Emmanuel Macron’s vision for Europe is unbound by borders, traditions and cultures. But his push to remake the political order is on a collision course with reality.
The 40-year-old president, who won in France with a movement he built from scratch within a year, is planting the seeds of a post-party political system in the European Union. With the EU holding parliamentary elections next year, Macron sees an opportunity to usher in a new era of pan-European governance and disrupt the traditional political parties by tapping into his maverick roots.
Macron, often compared to the 19th century conqueror Napoleon Bonaparte, is making his move as Europe’s strongest nations consider paths of further integration and as a broad economic upswing lends them political momentum. But within the EU’s corridors of power, Macron’s strategy is viewed with skepticism, with no clear plan to navigate the continent’s sometimes hostile patchwork of political systems.
The head of his “European Task Force” — the tiny group in charge of the strategy within Macron’s Republic on the Move party — said in an interview that “the political restructuring has already started.”
“Political groups are divided over what they want for, and from, Europe,” Pieyre-Alexandre Anglade, 31, said while traveling on the train between Paris and Brussels, where he lives and does lobbying work. “Our ambition is to set foot in several countries and create a European-level ambition for a reforming agenda.”
New Political Front
Macron has launched a 15-month campaign to build support before elections to the European Parliament in May 2019. This is a key pillar to bolster his plan to make Europe work for voters and to stem the anti-EU populists who brought about Brexit and want the bloc to fail. While he isn’t seeking to recreate his party in other countries, Macron is searching for allies and supporters to spark a grassroots movement.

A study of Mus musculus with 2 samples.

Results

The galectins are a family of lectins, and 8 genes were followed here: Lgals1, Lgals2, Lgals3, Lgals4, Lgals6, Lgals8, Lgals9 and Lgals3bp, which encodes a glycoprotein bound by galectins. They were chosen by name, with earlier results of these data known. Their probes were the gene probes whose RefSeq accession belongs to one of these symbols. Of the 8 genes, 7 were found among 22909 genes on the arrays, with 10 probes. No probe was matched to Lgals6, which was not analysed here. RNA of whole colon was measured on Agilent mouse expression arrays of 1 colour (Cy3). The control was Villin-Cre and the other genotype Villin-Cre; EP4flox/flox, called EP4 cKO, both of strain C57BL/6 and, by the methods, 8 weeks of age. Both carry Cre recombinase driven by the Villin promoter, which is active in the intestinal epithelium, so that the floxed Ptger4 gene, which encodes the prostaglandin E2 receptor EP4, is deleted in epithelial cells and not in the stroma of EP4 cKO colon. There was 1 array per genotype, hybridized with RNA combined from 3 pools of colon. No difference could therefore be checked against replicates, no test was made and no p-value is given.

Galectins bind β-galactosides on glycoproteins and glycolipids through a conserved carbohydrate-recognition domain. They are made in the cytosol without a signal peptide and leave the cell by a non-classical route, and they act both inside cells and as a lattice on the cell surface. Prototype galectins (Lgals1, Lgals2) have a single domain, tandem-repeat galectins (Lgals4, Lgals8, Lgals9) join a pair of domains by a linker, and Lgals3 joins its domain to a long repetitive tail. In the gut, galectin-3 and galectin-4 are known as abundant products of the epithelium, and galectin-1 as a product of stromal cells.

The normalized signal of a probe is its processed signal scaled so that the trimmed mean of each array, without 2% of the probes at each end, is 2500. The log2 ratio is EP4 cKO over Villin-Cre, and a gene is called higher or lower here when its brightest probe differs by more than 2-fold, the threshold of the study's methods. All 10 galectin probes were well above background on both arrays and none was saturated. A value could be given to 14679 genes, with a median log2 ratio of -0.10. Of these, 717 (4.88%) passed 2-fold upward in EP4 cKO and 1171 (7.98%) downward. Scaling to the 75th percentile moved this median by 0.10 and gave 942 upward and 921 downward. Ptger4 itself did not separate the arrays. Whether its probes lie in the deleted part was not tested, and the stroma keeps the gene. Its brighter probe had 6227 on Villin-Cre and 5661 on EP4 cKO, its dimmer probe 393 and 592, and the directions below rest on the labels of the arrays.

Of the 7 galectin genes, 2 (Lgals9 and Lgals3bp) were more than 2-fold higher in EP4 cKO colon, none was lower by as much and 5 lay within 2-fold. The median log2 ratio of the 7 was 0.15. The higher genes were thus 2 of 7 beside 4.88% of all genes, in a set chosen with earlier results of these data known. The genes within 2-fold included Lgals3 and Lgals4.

Macron will seek to discuss his idea of pan-European politics with other EU leaders at a summit on Friday in Brussels that will include German Chancellor Angela Merkel, whose domestic party belongs to Europe’s Christian Democrats, and Italian Prime Minister Paolo Gentiloni, who caucuses with the Socialists. But neither the the Christian Democrats nor the Socialists — the two largest blocs in the EU parliament — are willing to change a system that underpins their power.
In fact, earlier this month the EU Parliament distanced itself from the Macron-backed idea of having the empty legislative seats created by Brexit set aside for pan-European lawmakers, a move that would have given his plan a significant boost.
Structural hurdles notwithstanding, Macron is the first French president to take an interest in the 28-nation Parliament and to seek to tap the potential of the EU machine for his own political purpose. And while his infantry is working the base he’s pushing leaders to join his drive for reform.
Macron is focusing his efforts on Poland, Greece, Ireland, Slovakia and the Baltics, according to Anglade, adding that Italy, Luxembourg, Belgium and Spain have been historic French allies, while it has been more difficult making inroads with Germany, the Netherlands and Hungary. Contacts are made either by Macron himself, Anglade or the party chief, Christophe Castaner.
In January, Macron convinced Spain, Greece, Portugal, Malta and Cyprus to sign on to his ideas on a closer European monetary union. These proposals track closely with a September speech he made at the Sorbonne in Paris, where he argued for closer European cooperation on defense, migration and climate change policies, with the aim of laying the foundations for more financial integration within the euro area.
Macron’s party is also planning a march across Europe with members of his political party, expected to last for more than a month. While traversing 25 member states — the Netherlands and Hungary may not participate — they’ll aim to raise awareness for his group and plant the seed of impending change.
But EU watchers and politicians take the Macron plan with a big pinch of salt and have expressed doubts as to whether he can accomplish his maverick trick in Europe like he did in France: To blow up the traditional party system and jump start an era of pan-European politics.
“He may want the end of the conservatives and other big political parties, but those parties have very, very strong alliances and they have no interest whatsoever to follow a Macron, however seducing his ideas may be,” said Florian Willermain, a political scientist at the Egmont Royal Institute for International Relations in Brussels. “On top of the Europe hurdles, he will have a country-by-country battle. I am eager to see what he’ll do.”